Just as PCs are best suited for detail work such as general computing, TVs are best for media playing for a number of reasons and some surprising new ones.

On the most basic level, you probably have at least one good TV, perhaps several, that you can put to work as displays connected directly to your PCs’ display cards or to media extenders. This keeps the cost of your home entertainment network down because you are using equipment you already have—in a brand new way.

Lowest Cost Media Viewing Solution

PC monitors, especially flat panel LCDs, are still pretty expensive when compared to TVs. A 20-inch computer LCD monitor is at least $1000 compared to at 20-inch TV, which can be purchased for as little as $100.

Traditional TVs, which are cathode ray tube (CRT) displays, have a very low resolution of 320x240 pixels and are not good when used as a display for general computing. Figure 3.6 shows the difference between the same website viewed on a TV (left) and a standard computer monitor (right).

Figure 3.6

Figure 3.6 The same website displays differently on a TV (left) and a computer monitor (right).

The TV image is small (320x240 pixels), and also the image is blurry and hard to read. The computer image has a much higher resolution (for example, 1024x768 pixels, and often much higher depending on your video card and monitor) and is extremely sharp. TV displays were never intended for computing applications, and because standard TV images are so low in resolution, regardless of which display they are viewed on, TV images are low quality by their very nature.

That applies to TV as we have known it for the last 50 years. Recent changes to TV broadcasting and display technology are changing all of that. Digital TV broadcasts in high definition are changing the quality of TV images and TV monitors. If you are using an HDTV tuner card, and if you plan to use a computer monitor for viewing HDTV, you need a video card and a computer monitor that can display the full HDTV resolution of 1920x1080 or better.

If you’ve been to just about any electronics store lately, you’ve no doubt been dazzled by a whole new generation of high-resolution flat panel TVs that come in plasma and LCD varieties. Flat panel screens are the future of TV, and the great news is that not only are they incredible TVs, but they also make great computer monitors. Figure 3.7 shows one of the new flat panel plasma TVs in action.

Figure 3.7

Figure 3.7 A Gateway flat panel plasma TV works great for viewing TV or computer applications.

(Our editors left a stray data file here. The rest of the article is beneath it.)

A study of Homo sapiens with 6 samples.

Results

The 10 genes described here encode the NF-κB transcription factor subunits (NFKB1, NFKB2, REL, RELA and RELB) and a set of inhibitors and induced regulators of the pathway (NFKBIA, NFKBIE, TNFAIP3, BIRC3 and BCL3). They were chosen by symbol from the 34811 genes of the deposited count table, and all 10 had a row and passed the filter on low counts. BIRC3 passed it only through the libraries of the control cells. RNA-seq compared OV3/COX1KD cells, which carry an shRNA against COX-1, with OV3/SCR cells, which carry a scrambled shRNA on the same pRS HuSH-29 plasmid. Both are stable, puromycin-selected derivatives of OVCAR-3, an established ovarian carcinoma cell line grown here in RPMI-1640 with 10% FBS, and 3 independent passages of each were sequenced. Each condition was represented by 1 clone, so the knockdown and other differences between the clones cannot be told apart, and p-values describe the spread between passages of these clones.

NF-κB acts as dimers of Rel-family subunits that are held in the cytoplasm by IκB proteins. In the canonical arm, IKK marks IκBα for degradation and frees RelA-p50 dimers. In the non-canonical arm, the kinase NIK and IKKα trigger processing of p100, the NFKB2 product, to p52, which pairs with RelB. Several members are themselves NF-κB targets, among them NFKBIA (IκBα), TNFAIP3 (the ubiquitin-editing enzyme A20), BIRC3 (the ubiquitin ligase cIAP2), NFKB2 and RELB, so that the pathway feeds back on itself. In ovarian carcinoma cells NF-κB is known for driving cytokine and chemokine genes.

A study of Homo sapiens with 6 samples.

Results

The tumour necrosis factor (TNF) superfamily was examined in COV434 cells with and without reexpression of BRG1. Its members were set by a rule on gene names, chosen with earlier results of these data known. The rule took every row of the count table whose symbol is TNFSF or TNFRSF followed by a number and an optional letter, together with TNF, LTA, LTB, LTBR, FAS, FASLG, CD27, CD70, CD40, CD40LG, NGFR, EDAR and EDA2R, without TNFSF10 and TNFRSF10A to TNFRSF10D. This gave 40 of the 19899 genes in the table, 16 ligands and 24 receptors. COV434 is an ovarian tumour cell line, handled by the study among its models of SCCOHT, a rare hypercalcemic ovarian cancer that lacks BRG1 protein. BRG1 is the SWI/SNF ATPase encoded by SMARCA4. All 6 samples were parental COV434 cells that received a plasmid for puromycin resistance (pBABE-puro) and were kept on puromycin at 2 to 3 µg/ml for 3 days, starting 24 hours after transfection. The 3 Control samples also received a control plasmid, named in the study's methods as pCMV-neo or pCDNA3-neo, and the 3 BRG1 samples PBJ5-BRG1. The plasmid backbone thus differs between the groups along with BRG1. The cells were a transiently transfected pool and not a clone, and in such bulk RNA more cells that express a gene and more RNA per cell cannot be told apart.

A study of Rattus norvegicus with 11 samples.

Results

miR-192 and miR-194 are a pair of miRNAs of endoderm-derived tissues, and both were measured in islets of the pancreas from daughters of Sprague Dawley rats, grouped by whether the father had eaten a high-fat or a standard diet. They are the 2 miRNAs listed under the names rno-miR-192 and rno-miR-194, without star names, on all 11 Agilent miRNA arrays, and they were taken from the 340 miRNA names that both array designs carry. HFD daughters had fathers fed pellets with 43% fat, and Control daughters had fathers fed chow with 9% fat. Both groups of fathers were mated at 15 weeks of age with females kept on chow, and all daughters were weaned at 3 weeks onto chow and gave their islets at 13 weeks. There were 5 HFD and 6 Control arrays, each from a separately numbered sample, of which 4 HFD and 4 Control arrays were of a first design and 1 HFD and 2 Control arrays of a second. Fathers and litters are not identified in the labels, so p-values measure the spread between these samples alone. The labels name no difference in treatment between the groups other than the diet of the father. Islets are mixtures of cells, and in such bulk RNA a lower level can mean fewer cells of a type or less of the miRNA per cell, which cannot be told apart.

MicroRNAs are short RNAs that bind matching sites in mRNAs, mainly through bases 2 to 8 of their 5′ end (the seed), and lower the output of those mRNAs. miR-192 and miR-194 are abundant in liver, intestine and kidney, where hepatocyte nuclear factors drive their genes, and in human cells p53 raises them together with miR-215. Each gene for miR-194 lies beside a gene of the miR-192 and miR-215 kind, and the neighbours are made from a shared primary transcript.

Plasma and LCD TVs are essentially the same technology as LCD computer monitors. Many on the market today can function either as a TV or as a computer monitor. Even when one is functioning as a TV hooked to the TV-out connector of your computer’s display card, it has such a high quality image that it can be used to view computer applications.

In a home with plasma or LCD flat panel TVs, you can freely mix both media viewing and computer applications on the same display. Remember to use a screen saver (most media extenders and DVD players feature them) because plasma and LCD TVs are subject to "burn in" if you keep the same image on the screen for long periods of time.

Listening to Music with TVs

A TV can also be a good device for listening to music. Because TVs have their own speakers, it might be good enough for music, but chances are it’s not.

If you are using a TV connected to a media extender, you might want to consider connecting the audio-out connectors on the media extender to a set of powered speakers (or a home stereo if you prefer). Connect the video-out connector to the TV. This setup provides you with a perfect combination of picture and sound.

Some TVs have audio-out connections of their own, which allow you to connect the TV’s audio directly to a set of powered speakers or a home stereo. If this is the case, you can use those connectors. Connect the audio-out from the media extender to the audio-in of the TV. Then, connect the audio-out connectors on the TV to the speakers or stereo.

In a home entertainment network configuration, you select music and control it using either a TV or computer monitor, so it’s good to begin thinking of music as something you control with a visual interface.